Beyond Bayeux

7th May 2021

Long-time readers of All Stitched Up! will know that we have discussed the famous Bayeux Tapestry here in the newsletter on more than one occasion. There is good reason for this. We doubt there is a single stitcher out there who isn’t impressed by the sheer scale of this 950-year-old embroidery. The 70-metre-long masterpiece depicts the Battle of Hastings in 1066 and the Norman conquest of Britain.

Containing millions of stitches, all painstakingly worked by a group of anonymous embroiderers, this project inspires and amazes to this day.

The reason we are bringing it up again is there are a couple of new stories related to the Bayeux Tapestry that we wanted to share.

You can explore the Bayeux Tapestry stitch by stitch (source)

Firstly, did you know that the entire tapestry has now been digitised in high resolution and is available for everyone the world over to examine at the Bayeux Museum’s website? For the average person this would be good news, but for anyone who stitches this is something else entirely. In the process, the team doing the digitisation has ensured that we can now zoom so close to the fabric that we are able to examine every single stitch if we so wish.

Even when you go to a museum it is rare to be able to get close enough to a work to take in the tiniest of details. This digitisation, which has taken four years to complete, means that you can now explore the Bayeux Tapestry with a precision enjoyed previously only by restorers, museum workers or the original embroiderers themselves. Best of all, you can explore the Bayeux Tapestry from your own desktop, whenever you choose and wherever you are.

Mia Hansson with part of her Bayeux Tapestry. Picture credit – Mia Hansson (source)

Then there are some stitchers who find the Bayeux Tapestry more than just an inspiration. Mia Hansson took her passion for this historical work of art to the next level and embarked on a 10-year project to recreate the entire tapestry. In full size. Yes, you read that correctly! This incredible lady from Wisbech in the UK is now almost halfway through her mammoth undertaking, with the plan to have the entire project finished by 2026.

Mia Hansson at work recreating the entire Bayeux Tapestry. Picture credit – Mia Hansson (source)

Mia proudly states that she was always someone ‘known for not doing things by half.’ If there was something that inspired her, she wanted to be more ambitious and make it even bigger and better. As a result, when she saw another stitcher doing a half-sized replica of the famous embroidery, her project was decided.

Since then, she’s been sketching, stitching and putting panels together, progressively following in the footsteps of those quiet needleworkers of the distant past.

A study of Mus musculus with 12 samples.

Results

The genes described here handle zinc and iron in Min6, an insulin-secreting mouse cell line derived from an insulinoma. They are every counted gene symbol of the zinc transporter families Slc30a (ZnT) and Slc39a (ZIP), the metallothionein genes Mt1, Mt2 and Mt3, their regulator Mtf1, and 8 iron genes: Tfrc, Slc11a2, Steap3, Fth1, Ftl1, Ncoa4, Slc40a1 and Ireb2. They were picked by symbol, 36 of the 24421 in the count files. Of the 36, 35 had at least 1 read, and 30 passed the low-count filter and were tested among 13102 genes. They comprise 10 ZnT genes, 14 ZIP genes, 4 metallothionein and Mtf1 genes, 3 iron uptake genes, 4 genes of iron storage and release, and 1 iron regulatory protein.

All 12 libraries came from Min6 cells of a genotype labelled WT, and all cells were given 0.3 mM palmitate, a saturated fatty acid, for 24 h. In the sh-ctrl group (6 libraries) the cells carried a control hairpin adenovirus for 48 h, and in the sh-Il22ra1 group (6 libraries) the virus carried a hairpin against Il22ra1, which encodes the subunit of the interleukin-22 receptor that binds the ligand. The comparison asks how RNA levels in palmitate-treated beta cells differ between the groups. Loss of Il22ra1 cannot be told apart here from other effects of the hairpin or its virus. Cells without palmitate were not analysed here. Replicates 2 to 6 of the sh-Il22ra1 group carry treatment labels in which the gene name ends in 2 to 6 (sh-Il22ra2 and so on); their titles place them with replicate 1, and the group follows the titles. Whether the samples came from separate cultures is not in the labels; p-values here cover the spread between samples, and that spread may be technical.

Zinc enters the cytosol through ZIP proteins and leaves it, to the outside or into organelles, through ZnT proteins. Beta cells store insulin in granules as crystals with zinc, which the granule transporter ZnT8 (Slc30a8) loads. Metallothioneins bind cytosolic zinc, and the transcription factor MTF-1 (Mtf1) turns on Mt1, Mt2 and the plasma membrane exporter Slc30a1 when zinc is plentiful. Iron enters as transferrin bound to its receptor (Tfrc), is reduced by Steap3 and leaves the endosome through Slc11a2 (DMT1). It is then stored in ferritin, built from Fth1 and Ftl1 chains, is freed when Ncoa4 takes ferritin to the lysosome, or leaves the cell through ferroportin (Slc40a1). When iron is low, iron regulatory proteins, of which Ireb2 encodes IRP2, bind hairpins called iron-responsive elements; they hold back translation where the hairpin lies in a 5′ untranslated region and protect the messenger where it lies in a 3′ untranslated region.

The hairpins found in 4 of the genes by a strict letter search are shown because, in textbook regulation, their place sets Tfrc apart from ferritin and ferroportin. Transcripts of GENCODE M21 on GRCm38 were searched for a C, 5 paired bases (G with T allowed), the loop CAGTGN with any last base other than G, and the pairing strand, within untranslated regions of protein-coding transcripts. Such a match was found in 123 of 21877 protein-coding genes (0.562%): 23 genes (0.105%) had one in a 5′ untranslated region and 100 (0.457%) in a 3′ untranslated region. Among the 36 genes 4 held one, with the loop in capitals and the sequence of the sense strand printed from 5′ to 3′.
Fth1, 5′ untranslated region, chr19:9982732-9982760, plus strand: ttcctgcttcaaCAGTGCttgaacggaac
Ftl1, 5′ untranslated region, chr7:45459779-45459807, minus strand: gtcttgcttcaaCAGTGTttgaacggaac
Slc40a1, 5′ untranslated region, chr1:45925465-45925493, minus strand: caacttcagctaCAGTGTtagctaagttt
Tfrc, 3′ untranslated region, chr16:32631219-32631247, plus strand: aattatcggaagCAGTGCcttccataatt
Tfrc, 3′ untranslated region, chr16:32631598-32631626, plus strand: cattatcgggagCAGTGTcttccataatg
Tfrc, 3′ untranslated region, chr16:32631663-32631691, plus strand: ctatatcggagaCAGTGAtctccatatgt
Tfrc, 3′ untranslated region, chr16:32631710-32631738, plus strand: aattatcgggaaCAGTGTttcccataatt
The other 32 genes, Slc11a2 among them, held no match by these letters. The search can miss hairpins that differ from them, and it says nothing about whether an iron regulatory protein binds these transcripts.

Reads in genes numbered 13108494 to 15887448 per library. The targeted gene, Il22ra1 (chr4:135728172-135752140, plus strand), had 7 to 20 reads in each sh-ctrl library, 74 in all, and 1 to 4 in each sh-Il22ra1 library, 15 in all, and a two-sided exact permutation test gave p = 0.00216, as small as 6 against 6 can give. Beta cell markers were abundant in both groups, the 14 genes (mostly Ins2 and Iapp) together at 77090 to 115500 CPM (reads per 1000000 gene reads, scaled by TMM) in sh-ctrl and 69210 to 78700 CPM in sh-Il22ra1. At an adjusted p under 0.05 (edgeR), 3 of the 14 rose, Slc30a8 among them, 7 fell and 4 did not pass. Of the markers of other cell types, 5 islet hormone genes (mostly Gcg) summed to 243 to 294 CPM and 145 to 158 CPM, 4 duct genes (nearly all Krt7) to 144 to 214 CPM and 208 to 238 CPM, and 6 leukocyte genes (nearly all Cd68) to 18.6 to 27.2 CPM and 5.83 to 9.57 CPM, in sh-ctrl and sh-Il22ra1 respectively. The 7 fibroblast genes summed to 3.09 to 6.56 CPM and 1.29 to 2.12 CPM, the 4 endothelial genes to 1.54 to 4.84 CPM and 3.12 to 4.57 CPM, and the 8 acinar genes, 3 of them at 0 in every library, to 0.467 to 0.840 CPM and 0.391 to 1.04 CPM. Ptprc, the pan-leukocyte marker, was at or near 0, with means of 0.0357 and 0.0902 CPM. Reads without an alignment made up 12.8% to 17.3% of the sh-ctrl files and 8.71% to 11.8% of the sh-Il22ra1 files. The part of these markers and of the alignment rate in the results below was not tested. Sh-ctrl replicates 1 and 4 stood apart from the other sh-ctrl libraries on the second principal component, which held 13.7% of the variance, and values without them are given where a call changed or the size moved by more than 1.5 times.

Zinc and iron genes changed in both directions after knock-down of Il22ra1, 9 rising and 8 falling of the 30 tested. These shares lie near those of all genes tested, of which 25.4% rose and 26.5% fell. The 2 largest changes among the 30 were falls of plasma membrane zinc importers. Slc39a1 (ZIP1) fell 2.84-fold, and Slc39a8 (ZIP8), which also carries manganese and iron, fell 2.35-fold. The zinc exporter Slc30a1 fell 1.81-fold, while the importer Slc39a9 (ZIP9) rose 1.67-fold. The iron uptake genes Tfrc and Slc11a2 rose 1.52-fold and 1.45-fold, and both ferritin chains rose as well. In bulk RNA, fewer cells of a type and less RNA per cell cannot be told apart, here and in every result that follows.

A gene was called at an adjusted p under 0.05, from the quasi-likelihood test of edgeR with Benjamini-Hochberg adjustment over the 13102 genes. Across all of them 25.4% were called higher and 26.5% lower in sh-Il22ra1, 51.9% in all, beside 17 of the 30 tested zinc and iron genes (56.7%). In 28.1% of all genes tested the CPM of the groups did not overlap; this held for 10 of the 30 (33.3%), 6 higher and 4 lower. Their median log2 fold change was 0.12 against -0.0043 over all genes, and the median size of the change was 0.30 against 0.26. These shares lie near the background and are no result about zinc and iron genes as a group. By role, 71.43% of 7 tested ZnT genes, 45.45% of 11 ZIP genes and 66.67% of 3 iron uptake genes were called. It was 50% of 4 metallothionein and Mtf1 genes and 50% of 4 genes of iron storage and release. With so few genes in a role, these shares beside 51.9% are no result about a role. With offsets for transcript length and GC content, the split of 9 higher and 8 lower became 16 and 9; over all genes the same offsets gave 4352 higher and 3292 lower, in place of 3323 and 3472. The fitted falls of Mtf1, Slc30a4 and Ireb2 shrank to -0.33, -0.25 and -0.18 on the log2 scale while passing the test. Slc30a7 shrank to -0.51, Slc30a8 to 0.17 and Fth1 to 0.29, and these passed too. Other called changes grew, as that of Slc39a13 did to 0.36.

Mia says she loves stitching the horses but isn’t so keen on bricks and roof tiles. She really enjoyed ships, until she’d stitched a few in a row and then she was looking forward to doing another horse! But the determination and dedication of this amazing woman is something to admire. When she finally finishes, she’ll be the proud owner of a 70 metre, hand-stitched reproduction of one of the most famous embroideries in history.

Closeup of Mia’s Bayeux Tapestry. Picture credit – Mia Hansson (source)

Mia hopes that when the project is complete someone might buy her finished work. If not, she’s hopeful that she can find a venue where it can live permanently and where she’ll be able to hold viewings and give talks about the tapestry and her long journey of creation. In the meantime, she’s been documenting her progress with a view to ultimately publishing ‘Mia’s Bayeux Tapestry Story’; a book that she says will likely end up thicker than the Bible!

A small section of Mia’s work. Photo credit – Mia Hansson (source)

Because she’s hand sketched all of the characters and motifs, she’s developed a colouring book containing many of her drawings that has been selling well. She’s also been inspired through her work to start writing a historical novel about the stitchers who made the original tapestry almost a millennia ago. We find ourselves wondering whether there is anything that this incredible woman can’t do. What an inspiration.

Textile restorers examining the Bayeux Tapestry (Source)

We’re confident this won’t be the last time we find new things to write about the Bayeux Tapestry. It is a piece of needlework which has stood the test of time and is as important to historians and stitchers today as it was in the past. Whether you enjoy it digitally, or whether it inspires you to pick up a needle and stitch a part (or all!) of it, the Bayeux Tapestry is truly a part of embroidery history.